The U.S. Labor Department Friday reported that only 21,000 new jobs were created in February, far fewer than had been expected.

Since August, the U.S. economy has created 364,000 jobs, an average of 60,000 jobs per month. The February figures were far below that number, and 100,000 jobs less than what had been expected. Katherine Utgoff, the commissioner of labor statistics, says the economy needs to create 125,000 new jobs monthly just to absorb the new workers entering the labor force.

Treasury Secretary John Snow said he was disappointed by the jobs report, but he told an interviewer that the economy is poised to create jobs, because economic growth is proceeding at a fast pace.

President Bush is seen as politically vulnerable on the job issue, since his administration is almost certain to have presided over a net job loss from 2001 to 2004.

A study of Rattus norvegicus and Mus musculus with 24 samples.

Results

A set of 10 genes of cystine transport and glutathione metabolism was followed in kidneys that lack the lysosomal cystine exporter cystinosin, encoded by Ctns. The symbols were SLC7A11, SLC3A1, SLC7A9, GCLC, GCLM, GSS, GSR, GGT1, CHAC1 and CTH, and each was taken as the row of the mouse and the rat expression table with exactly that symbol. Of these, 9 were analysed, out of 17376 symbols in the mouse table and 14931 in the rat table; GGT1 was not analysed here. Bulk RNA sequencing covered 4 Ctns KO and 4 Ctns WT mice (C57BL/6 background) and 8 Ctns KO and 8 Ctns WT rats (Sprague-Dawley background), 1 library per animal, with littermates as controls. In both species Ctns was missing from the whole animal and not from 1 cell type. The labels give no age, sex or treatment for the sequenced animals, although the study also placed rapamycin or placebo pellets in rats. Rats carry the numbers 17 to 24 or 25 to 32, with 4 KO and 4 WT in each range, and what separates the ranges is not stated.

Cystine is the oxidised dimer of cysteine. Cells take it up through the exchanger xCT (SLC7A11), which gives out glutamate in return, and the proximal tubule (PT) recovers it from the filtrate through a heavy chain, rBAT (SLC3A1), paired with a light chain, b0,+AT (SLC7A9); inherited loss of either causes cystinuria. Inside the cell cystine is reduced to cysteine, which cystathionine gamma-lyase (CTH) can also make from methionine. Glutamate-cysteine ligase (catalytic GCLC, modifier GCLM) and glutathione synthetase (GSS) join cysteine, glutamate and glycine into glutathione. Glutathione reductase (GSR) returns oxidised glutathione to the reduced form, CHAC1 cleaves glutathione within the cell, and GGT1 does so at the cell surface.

"Not only has this administration not created jobs, it is not been sympathetic to the unemployed. There are eight million Americans who are unemployed," said Carolyn Maloney, a Democratic congresswoman from New York.

Thus far, in President Bush's term, three million jobs have been lost, even though the economy has been recovering strongly from the 2001 recession. The unemployment rate stands at 5.6 percent. Ms. Utgoff, the labor commissioner, told a congressional committee, the Joint Economic Committee, that the labor force is changing, and that laid off workers are now likely to remain unemployed for a longer period of time.

"Over the last few decades the people who say they are on layoff and expect to be recalled to work has decreased," she said. "And the number of people on permanent layoff has increased. So, we do know that there has been a structural change where just going from your old job and then returning to it is not the typical kind of unemployment."

Ms. Utgoff says, while job growth is low, economic productivity is growing at a good rate, in excess of four percent. Productivity, output per worker, is rising as firms are getting increased output from a smaller workforce. Capital investment, mainly computer technology, is also boosting productivity.